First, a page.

Tradition and Transparency: Why Book Design Still Matters in the Digital Age

Jon Bath

Abstract


Designing for the Internet can be a wonderfully enlivening experience for the graphic designer. Layouts can be morphed fluidly, pages can contain all manner of multimedia objects, and design decisions are not hampered by practicalities such as the cost of four-colour reproduction. But it can be an equally frustrating experience for typographers, as their control over typeface, word spacing, justification, and the other
myriad details that define a well-crafted printed page is reduced to the most rudimentary choices.

This paper will examine this apparent disjuncture by first briefly outlining the historical separation between the trades of graphic designer and typographer and then discussing some of the advantages of having the designers of electronic interfaces become familiar with book typography traditions and of having electronic reading interfaces support basic typographic practices. Book typographers have traditionally viewed the more "artistic" graphic designers with suspicion because "typography is the efficient means to an essentially utilitarian and only accidentally aesthetic end" (Morison 5), and any overtly artistic gestures by the designer can potentially intrude upon the reading experience.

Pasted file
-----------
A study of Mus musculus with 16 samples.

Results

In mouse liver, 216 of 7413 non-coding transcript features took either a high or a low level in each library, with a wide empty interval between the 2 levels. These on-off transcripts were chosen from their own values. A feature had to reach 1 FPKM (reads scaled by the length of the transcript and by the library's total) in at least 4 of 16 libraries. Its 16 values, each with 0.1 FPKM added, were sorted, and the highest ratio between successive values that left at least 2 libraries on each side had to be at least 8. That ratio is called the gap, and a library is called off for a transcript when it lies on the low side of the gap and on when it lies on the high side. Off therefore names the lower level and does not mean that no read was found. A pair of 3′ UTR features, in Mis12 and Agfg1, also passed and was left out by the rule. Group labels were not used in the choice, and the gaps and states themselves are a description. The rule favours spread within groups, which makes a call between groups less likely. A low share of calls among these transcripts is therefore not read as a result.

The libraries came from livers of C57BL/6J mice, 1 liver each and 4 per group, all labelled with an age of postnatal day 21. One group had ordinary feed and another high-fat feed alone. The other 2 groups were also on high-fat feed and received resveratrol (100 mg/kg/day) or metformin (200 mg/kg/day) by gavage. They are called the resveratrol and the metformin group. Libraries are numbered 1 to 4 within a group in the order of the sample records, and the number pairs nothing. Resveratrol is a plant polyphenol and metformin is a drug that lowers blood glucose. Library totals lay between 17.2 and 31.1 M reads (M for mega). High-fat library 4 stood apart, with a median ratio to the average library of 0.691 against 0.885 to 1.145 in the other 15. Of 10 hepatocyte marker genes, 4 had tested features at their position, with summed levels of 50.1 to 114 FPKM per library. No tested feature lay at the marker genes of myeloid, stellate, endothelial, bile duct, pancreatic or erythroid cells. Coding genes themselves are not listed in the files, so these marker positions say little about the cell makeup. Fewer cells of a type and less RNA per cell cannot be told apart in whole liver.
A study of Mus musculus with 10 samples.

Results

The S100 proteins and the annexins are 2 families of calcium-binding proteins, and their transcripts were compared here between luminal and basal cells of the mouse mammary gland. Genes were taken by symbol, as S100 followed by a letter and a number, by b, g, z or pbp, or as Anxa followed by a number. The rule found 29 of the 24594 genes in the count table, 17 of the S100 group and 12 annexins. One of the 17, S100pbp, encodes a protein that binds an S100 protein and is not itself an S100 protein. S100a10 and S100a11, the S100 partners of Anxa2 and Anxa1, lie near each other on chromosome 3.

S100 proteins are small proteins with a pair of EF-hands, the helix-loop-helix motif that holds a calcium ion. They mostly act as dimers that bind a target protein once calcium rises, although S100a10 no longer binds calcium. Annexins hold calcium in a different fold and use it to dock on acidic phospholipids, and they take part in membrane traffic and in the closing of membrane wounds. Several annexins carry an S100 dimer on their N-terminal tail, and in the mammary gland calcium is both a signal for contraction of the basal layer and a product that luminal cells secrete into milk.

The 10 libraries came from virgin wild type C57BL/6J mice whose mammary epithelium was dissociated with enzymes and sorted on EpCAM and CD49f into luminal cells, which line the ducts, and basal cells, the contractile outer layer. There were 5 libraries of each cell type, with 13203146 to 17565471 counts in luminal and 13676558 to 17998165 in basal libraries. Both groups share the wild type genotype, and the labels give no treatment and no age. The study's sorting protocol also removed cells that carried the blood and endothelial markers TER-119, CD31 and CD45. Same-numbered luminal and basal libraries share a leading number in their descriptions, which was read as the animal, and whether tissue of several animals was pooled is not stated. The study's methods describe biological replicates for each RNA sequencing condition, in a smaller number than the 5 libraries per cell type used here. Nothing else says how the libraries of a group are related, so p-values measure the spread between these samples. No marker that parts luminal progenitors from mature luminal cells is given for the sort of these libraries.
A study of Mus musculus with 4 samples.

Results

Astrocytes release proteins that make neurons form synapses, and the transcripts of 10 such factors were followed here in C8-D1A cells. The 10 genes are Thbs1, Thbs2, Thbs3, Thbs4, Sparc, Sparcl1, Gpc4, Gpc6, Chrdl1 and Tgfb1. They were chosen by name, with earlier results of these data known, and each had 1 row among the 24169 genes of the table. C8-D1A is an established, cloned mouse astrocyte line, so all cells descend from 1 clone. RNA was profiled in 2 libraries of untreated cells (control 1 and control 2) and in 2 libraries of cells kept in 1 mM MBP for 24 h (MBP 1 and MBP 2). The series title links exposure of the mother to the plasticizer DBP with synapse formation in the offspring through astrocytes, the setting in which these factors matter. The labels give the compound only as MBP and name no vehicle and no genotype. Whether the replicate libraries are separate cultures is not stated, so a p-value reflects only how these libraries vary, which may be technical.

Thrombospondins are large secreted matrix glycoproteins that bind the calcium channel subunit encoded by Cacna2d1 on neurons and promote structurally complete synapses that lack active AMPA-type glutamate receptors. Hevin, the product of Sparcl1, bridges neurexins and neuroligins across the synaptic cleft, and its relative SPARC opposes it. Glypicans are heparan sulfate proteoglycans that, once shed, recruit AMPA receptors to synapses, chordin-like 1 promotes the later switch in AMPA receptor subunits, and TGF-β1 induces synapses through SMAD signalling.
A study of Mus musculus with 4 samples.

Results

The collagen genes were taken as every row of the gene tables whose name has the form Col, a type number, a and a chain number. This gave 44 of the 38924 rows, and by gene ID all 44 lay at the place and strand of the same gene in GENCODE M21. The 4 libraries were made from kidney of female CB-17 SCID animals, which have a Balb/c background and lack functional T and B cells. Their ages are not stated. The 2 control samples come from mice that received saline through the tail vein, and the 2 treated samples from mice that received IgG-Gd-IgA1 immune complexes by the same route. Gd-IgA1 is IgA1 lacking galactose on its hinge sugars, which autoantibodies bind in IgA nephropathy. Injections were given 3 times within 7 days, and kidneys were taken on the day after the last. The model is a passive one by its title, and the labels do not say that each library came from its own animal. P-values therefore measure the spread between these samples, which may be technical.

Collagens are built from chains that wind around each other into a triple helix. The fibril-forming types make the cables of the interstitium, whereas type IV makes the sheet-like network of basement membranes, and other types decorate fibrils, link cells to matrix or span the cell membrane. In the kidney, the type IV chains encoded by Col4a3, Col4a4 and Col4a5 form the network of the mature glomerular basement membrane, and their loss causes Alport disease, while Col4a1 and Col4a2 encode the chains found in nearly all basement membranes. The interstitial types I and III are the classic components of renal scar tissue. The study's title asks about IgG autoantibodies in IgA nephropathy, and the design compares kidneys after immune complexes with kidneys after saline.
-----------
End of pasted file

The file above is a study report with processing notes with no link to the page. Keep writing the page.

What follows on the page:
This notion of typography as the art of creating a transparent interface between the author and the reader has its roots in the humanist tradition of the author-god and is obviously challenged by new models where the act of reading has the potential to be a three-way communication between authors, readers and the community and where the lines between the three are blurred. As a result some typographic practices, such as methods for including scholarly apparatus and annotations, will undoubtedly need to be modified. But this does not mean that all typographic traditions need to be tossed aside. For example, many digital reading interfaces present a "page" view designed for a screen that is taller than it is wide. While this mimics the dimensions of a single page of a book, readers of books seldom view a single page; the bound book presents a "spread" that allows the reader to view two pages at once. Presenting digital texts in such a manner not only has the advantage of familiarity, but this orientation also allows for specialized displays of information such as parallel text editions or facing page translations. If one is truly serious about wanting a digital interface to be "read," it is worth gaining an understanding of the practices of the craftspeople that have focused on just that for over 600 years.